Spectator on facebook

Spectator on facebook

Banka Slovakia: six suitors

Six banking and non-banking entities have expressed an interest in privatising Slovakia's smallest bank, the national privatisation agency (FNM) has reported.

Brokerage house Slávia Capital and the Czech J & T Bank have already confirmed their interest in Banka Slovakia, which the state has been trying to sell off since last summer.

The FNM refused to release names of the bidders but said they were from Slovakia and other countries.

The bank failed to attract any bidders when first put up for sale in June last year. The tender was eventually cancelled after talks broke down with Slovak-Czech consortium Hanco and Česká pojišťovna.

A second tender was also cancelled after the central bank refused three potential buyers, including Slávia and J & T, permission to carry out an audit on Banka Slovakia. The National Bank of Slovakia said the three companies did not have enough experience of the Slovak banking market.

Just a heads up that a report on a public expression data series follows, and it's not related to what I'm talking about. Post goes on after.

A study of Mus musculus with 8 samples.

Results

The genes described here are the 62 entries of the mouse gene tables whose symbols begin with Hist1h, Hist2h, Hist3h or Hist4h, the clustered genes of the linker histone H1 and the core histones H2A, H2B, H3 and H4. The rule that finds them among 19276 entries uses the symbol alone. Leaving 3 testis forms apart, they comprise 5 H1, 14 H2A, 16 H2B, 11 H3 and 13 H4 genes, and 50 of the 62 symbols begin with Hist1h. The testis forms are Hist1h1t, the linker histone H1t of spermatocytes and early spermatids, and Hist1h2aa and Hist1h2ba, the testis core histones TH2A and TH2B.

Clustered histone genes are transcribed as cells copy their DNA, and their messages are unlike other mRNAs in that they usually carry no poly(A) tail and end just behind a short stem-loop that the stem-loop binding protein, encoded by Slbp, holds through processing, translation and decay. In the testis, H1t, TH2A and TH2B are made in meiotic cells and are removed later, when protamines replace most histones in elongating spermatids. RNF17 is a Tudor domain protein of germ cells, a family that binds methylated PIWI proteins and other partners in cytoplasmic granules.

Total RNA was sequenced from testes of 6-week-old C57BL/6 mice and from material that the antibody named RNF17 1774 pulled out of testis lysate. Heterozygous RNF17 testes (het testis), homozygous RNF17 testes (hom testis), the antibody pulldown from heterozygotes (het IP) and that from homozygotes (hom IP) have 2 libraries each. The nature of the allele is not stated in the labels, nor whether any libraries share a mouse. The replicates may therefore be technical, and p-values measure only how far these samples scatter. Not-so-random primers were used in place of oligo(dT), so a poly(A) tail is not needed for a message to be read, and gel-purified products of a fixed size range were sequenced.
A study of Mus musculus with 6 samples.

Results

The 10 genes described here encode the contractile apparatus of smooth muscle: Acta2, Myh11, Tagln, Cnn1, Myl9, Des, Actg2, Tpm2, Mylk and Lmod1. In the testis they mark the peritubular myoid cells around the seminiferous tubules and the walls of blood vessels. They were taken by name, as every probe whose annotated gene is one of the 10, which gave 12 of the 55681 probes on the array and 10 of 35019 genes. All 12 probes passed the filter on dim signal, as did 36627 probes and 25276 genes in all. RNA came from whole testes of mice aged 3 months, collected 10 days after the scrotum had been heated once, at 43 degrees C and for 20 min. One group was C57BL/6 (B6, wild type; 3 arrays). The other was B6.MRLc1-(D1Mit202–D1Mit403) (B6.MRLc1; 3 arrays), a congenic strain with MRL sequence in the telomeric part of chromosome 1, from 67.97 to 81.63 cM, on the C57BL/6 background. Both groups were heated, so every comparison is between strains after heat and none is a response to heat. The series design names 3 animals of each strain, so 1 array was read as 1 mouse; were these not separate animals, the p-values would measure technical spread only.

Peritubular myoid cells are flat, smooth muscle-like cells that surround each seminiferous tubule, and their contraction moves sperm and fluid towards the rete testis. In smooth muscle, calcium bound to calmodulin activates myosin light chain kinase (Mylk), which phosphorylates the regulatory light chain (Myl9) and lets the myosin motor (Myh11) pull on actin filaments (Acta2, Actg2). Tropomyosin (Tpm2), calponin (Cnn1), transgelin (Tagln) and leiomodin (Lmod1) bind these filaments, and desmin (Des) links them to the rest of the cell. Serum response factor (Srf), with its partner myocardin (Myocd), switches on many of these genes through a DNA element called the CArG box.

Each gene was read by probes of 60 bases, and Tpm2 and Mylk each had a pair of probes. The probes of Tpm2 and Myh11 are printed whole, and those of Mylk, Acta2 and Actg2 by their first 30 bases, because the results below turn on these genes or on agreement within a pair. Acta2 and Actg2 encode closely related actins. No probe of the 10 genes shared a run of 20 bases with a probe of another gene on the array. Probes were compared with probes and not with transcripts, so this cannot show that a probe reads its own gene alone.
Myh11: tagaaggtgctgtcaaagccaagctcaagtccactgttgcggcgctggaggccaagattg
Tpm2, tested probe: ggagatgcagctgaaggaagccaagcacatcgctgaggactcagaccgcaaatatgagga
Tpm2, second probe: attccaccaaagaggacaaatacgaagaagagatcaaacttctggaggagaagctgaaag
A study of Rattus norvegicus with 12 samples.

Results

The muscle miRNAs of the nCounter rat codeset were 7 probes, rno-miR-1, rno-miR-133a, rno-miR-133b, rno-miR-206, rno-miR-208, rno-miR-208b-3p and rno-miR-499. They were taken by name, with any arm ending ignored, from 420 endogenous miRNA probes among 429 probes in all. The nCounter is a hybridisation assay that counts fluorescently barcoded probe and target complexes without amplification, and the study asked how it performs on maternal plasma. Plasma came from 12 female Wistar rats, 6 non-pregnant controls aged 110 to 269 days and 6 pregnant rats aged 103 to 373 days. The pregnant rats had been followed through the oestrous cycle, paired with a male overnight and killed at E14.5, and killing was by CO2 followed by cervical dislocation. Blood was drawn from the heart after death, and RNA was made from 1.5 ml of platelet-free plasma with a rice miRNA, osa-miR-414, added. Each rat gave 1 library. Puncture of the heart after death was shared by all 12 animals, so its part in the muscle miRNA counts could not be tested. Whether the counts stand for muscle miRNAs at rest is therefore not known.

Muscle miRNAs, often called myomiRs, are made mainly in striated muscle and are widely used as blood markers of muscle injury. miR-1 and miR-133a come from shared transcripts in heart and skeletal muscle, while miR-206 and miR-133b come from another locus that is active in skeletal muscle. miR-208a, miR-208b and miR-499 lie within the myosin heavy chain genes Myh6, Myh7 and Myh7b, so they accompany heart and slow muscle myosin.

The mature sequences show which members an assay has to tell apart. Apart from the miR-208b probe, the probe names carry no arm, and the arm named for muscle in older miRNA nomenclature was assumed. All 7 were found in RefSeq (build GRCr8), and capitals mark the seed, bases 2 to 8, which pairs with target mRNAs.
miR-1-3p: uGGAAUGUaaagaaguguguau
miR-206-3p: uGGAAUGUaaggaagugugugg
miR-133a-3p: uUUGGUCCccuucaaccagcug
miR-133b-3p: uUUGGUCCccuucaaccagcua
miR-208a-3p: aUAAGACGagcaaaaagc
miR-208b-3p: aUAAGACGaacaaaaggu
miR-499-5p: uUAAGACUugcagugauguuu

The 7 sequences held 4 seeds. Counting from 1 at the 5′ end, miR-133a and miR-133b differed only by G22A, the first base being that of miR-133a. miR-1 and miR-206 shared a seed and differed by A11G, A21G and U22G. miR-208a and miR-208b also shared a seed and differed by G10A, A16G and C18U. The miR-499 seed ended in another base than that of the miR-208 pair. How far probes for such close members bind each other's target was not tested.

The state is offering a 60% share in the finance house.

Top stories

Suicide game does not exist and visa-free regime for Ukrainians is not a lie

The Slovak Spectator brings you a selection of hoaxes from the past two weeks.

There is no computer game that makes people commit suicides.

It’s not easy being an ‘alien’ in Slovakia

Are Slovaks scared of foreigners? The stories of those who are trying to make their homes here suggest that ignorance and bureaucratic inertia, rather than fear, cause more problems.

Dealing with state offices may be difficult and time-demanding.

President Kiska uses train for first time

After criticism from coalition MPs for flying and a troublesome car trip, Slovak President Kiska to commute to Bratislava by international train, boarding it in his hometown of Poprad.

President Kiska gets off the IC train in Bratislava.

What has remained here after Stoka, Propeller or Cvernovka? Photo

The book BA!! Places of Living Culture 1989-2016 brings authentic accounts about 38 independent cultural spots in Bratislava.

Blaho Uhlár, founder of the Stoka theatre, in front of the theatre in 2006.